Pitching? Yes. But at what cost?

Like (seemingly) everyone else, the Padres are pursuing starting pitching help to aid their starting rotation.

Sounds simple enough, right?

It’s not, for several reasons. Finding the right trading partner is one thing, agreeing on a package of prospects — the players the Padres would part with to get an arm to solidify their rotation – will be the hard part.

The Padres have gone to great lengths to build their farm system from one that was largely devoid of talent to one filled with good players — not great or marquee players, mind you — but players who can help them in the future.

The Padres, in a perfect world, would like to add a pitcher they could have control over beyond 2013, a pitcher who could be a part of the starting rotation moving forward.

This doesn’t mean the Padres are opposed to a rental, but if they’re going to part with good prospects, they’ll need a controllable arm in return.

“As with most teams, we’re not going to be totally short-term focused,” said Padres general manager Josh Byrnes. “We still have to balance the short term and long term. Giving up prospects is a big deal to us and getting a player back who might only be here half the year … we’ve got to balance all of that out.”

One pitcher who could hold value to a rebuilding team is 22-year-old right-handed pitcher Keyvius Sampson. Sampson’s value has never been higher, as he’s allowed one run in his last 14 innings on four hits with 22 strikeouts for Double-A San Antonio.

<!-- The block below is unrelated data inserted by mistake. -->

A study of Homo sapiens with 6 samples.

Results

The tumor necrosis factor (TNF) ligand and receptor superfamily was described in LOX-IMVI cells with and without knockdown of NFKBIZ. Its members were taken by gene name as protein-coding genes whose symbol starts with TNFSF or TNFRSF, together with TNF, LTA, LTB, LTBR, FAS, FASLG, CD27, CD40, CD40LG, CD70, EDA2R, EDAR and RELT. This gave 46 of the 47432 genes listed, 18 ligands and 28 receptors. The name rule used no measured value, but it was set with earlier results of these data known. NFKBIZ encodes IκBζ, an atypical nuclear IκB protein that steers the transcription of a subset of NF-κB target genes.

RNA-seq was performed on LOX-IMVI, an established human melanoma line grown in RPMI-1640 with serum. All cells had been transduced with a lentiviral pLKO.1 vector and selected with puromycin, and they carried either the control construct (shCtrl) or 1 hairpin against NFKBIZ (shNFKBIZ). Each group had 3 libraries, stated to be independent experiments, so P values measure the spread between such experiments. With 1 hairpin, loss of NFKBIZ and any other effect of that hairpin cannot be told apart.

Outfielder Reymond Fuentes, also 22, could be a player the Padres opt to move — alone or in a package — to get an arm. Fuentes is hitting .332 at San Antonio. He’s got a .419 on-base percentage and 23 steals.

These two alone might not get you the arm you need. Together? It’s a start.

Stay tuned. It could be an interesting month for the Padres.

— Corey Brock


Pingback: 7/1 Afternoon roundup: Braves, Padres buying; Brewers selling? « Trade Deadline 2013

My personal opinion, for a team like the Padres – a low-budget team competing with a high-budget team in their own division, and one who has a history of not being able to keep the players once they hit free agency – any reasonable trade has got to be for rookies or minor leaguers; MAYBE second-season players. Otherwise you’re giving away time (the classic ‘rental’ situation writ large) because 90-someodd percent of the time, they can’t resign free agents, and the only way you can compete with the Dodgers’ checkbook is to moneyball it with younger players.